People must keep to within a 5km radius of their homes and there are Garda (police) checkppints to make sure they do.
Róisín Ingle: I decide to check flights arriving and departing on the Dublin Airport site
I feel like a peeping Tom, sticking my nose into the lives of people going beyond 5km
Wed, Mar 24, 2021, 05:00
They are touching down in Dublin every single day. Flights from all over the world. People flying back from Lisbon, Frankfurt and Tenerife. I know this because, while out for a State-sanctioned walk well within my 5km, I decide to check on the flights arriving and the flights departing on the Dublin Airport website.
I sit with my laptop and take-away coffee, drooling over all the actual planes with actual people in them flying off to Paris, Amsterdam and London. I see all the messages the travellers are seeing as they make their way through the airport. I bite my lip with envy: “Baggage delivered. On approach. Go to gate. Gate closed. Final call.”
I watch the flights arrive and depart, depart and arrive. I feel dirty, like a voyeur or a peeping Tom, jealously sticking my nose into the business of people going so far beyond their 5km it’s not even funny. Lucky duckers. Yes. Or something that rhymes with that anyway.
Meanwhile, back here in Lockdown Central, every time we drive to the supermarket we are quizzed by friendly gardaí about what we are doing and where we are going. “Shopping,” I say. “Food shopping,” I clarify.
I don’t tell them that sometimes we are actually going to town to browse the shops that are still open, the ones that sell more than just food, Dealz and Centz and EuroGiant, getting our kicks there buying random, inexpensive items we didn’t know we needed. And scampi fries. I don’t know if the gardaí would view that kind of retail therapy as essential so I say “food shopping” and they smile and say “carry on, so”.
Mostly though, these are honest, upstanding people who can’t even be bothered to make up a pandemically justifiable reason for leaving the country
Meanwhile, a few miles away from Lockdown Central at Dublin Airport, people are checking their pockets for passports and buying sucky sweets to stop the popping in their ears as the planes ascend and depart for Manchester, Edinburgh and Kaunas. I am not familiar with Kaunas. So I check. It’s in Lithuania. They are coming from and heading off to Amsterdam and to Wroclaw.
That is where they are going but why are they going? The Government is, after all, advising against all non-essential travel. Perhaps they are all going to funerals of loved ones abroad or for essential medical treatment. Perhaps.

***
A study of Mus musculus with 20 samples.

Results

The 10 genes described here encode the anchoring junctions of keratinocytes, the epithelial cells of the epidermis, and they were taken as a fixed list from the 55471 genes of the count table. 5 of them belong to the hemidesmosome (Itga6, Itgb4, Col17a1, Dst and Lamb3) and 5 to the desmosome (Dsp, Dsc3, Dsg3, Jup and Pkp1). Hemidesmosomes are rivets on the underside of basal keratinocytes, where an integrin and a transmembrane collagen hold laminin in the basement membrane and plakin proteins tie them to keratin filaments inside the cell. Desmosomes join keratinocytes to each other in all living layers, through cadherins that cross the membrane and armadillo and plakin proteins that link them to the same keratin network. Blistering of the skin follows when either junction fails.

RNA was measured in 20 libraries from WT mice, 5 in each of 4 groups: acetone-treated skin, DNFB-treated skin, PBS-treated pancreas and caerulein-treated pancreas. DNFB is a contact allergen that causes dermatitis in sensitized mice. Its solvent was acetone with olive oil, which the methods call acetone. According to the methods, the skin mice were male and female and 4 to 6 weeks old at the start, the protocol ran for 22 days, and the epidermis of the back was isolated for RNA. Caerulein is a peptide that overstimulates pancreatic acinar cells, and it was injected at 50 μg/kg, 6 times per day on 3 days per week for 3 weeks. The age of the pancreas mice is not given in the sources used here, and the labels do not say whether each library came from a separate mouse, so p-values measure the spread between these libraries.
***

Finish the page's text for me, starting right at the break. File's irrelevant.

Mostly though, these are honest, upstanding people who can’t even be bothered to make up a pandemically justifiable reason for leaving the country when we’re not supposed to leave our 5km.
It has been reported that more than 9,000 people, including 7,600 Irish residents, gave “holidays” or “visits” as their reason for travelling in a two-week period in February.
They are off to Brussels. Gdansk. Milan. Madrid. You’d get a real goo on you for a bowl of proper pasta or some decent tapas watching the live departures and arrivals.
They are going to Istanbul. I remember a trip there once years ago, the majesty of the Blue Mosque and haggling over a carpet we never bought in the end.
No offence to St Stephen’s Green, I love the bones of you, but I want to walk with my friend in Central Park as it bursts into spring
They are off to Chicago. Which reminds me I’ve never had an authentic deep dish pizza. They’re coming back from Kerry and Donegal. Even those places sound exotic to me now.
Oh look. New York, JFK. Kill me gently why don’t you, Dublin Airport website? No offence to St Stephen’s Green, I love the bones of you, but I want to walk with my friend in Central Park as it bursts into spring and buy a turkey sandwich from a deli and breathe in yellow taxi fumes and stroll along the High Line.
They are going, some of them, to Chisinau. Another new one on me. It’s in Moldova. If you were driving to Chisinau from Dublin it would be a 37-hour drive all in. It’s 3,390km from Dame Street to downtown Chisinau. That’s what’s called crashing your 5km in style.
While I check the flights arriving and departing, departing and arriving, I get talking to an Italian couple who are sitting in my new secret spot which has a picnic table and a view of the Poolbeg Towers and Samuel Beckett bridge, which my children call the Sammy Bucket bridge. I like to think Sam would approve.
God love anyone who sits 2m away from me these days. I am hungry for interaction with strangers. The stranger the better. I am sick of the familiar. The recognisable. The same old same old.
It’s lockdown in Italy too, my new friends tell me, as they wait to pick up some sushi, but it’s the kind of lockdown where restaurants are open during the day until the 6pm curfew kicks in.
There’s not much to show for three months locked down at Level 5
I tell them about the flights. To and fro. Back and forth. In and out. They laugh and say we know. They tell me about a friend of theirs, a woman who flew away from Dublin a couple of weeks ago for an “essential” surgical procedure and came back with cosmetically modified features and a dose of Covid.
“True story?” I ask. “True story,” they say, as they collect their food in brown paper bags.
“Ciao,” I call after them. “Ciao,” they wave back. Later at home, I scroll through the news about the introduction of mandatory hotel quarantine (but only for those coming from “high risk” countries) and the news that our daily case numbers reached nearly 800, higher than they’ve been for several weeks.
There’s not much to show for three months locked down at Level 5, I think, as I stir bolognaise sauce and sip on a glass of Chianti. I am miles away now. Much further than 5km from home.
In my head, anyway. Only in my head.